The Deeper Political Allegory of "Caps For Sale" ?
Sunset Playhouse welcomes Bug In A Rug Children’s Theatre’s Staging of a Children’s classic
It was a simple, early 20th century work by a woman born in Siberia—a board book that people the world over remember from childhood. Esphyr Slobodkina, who wrote Caps For Sale, passed away a few years ago. As an artist, she’d done a lot of work in every major form of media. She’ll be best known as a name on the cover of Caps For Sale—a book that looks vaguely familiar. I distinctly remember a couple of different weird conversations about the deeper political allegory of the story . . . here’s a quick outline of the 30-panel board book.
A peddler (a respectable-looking member of the bourgeoisie) is walking into town selling caps. All the caps rest on his head. There are sixteen—seventeen if you include his hat (but he’s presumably not selling that one. (As he is selling the caps for 50 cents each, the street value of the peddler’s stock: $8. (That’s roughly $121 accounting for inflation--this was originally written in 1940.)
The local economy must not be very good, as the peddler isn’t successful. No one wants to buy the caps. The streets of the town look deserted. The peddler is exhausted, so he goes to sleep beneath a tree. When he wakes-up the caps are gone . . . sixteen monkeys (clearly members of an oppressed proletariat) in the tree have claimed his hat as their own. It’s a revolution.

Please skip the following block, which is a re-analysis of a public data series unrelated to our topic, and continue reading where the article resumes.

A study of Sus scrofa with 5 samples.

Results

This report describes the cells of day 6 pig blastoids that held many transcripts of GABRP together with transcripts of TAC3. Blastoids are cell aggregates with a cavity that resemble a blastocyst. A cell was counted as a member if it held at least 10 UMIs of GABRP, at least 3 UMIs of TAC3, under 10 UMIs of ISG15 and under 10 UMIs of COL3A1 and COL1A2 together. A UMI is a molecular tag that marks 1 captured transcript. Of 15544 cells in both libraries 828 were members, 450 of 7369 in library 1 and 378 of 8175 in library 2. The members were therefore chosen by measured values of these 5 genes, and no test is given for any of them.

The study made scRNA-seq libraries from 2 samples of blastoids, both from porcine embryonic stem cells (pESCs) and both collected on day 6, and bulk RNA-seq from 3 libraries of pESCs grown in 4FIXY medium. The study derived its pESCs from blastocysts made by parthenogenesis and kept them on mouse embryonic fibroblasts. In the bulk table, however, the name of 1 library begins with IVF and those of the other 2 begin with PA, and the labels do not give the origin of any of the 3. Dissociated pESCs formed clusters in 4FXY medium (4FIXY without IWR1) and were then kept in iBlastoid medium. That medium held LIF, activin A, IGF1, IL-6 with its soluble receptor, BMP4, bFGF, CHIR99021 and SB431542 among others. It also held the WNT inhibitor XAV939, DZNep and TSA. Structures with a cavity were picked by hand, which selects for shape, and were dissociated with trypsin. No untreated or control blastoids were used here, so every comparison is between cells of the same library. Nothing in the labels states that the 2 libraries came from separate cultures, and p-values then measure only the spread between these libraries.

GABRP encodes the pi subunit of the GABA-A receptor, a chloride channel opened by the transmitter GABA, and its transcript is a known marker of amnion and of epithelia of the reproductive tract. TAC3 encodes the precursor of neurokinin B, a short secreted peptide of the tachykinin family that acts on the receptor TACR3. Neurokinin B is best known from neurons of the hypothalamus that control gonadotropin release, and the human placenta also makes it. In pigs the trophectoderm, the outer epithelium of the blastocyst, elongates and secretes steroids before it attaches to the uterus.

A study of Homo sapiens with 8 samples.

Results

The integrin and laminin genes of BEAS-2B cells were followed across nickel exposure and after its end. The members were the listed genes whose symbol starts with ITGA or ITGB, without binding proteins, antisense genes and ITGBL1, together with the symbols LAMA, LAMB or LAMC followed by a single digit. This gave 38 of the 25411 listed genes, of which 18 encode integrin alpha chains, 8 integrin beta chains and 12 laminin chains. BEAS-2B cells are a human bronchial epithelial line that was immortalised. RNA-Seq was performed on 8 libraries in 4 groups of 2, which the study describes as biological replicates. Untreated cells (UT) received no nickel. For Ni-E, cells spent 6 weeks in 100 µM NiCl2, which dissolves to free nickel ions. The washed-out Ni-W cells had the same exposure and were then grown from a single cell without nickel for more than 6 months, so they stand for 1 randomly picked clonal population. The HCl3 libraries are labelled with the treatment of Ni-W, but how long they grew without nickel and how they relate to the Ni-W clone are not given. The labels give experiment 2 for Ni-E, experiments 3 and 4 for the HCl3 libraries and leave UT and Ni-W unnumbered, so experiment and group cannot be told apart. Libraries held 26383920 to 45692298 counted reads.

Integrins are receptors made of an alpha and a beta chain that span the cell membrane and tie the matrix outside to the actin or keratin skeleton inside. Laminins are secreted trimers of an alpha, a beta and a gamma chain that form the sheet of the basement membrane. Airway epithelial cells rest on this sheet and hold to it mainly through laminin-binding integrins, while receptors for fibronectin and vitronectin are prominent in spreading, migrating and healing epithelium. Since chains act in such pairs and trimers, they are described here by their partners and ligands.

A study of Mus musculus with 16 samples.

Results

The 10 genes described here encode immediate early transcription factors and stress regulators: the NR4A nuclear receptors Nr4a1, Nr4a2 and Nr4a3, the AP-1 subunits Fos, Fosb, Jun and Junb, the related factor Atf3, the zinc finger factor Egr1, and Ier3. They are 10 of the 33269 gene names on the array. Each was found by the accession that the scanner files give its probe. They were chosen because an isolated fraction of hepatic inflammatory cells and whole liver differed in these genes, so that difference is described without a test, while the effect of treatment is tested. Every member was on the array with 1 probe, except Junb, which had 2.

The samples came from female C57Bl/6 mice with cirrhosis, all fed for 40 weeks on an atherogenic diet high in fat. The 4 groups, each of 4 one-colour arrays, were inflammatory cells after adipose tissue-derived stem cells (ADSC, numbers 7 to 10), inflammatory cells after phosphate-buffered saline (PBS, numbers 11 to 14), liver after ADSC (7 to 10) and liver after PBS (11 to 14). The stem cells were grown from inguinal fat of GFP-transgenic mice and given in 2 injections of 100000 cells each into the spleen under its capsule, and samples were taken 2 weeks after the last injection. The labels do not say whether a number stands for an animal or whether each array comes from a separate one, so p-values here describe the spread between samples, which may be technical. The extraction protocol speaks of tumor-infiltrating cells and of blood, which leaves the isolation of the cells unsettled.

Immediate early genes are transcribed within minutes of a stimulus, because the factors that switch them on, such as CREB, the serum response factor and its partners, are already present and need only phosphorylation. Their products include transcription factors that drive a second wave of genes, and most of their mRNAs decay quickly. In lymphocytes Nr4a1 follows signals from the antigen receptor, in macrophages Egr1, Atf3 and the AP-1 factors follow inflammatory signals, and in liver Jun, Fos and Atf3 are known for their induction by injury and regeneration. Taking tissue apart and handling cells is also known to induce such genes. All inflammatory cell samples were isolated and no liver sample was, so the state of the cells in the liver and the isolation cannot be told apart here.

Cute. The allegory kind of falls apart in the end, but it’s kind of a weird idea that I can’t get out of my mind. A staged children’s theatre adaptation of Caps For Sale has opened today at the Sunset Playhouse in Elm Grove. The show, which runs through the 30th is a brief, kid-friendly show (completely devoid of political allegory, I’m sure.) Those attending are welcome to show-up at the theatre an hour in advance for monkey-themed kiddie crafts.
Running only one weekend, the Friday and Saturday performances are already sold-out. There were, at last check, tickets available for the 1pm show-closing matinee on Sunday, January 30th. Reservations can be made by calling 262-782-4430 or by visiting the Sunset online.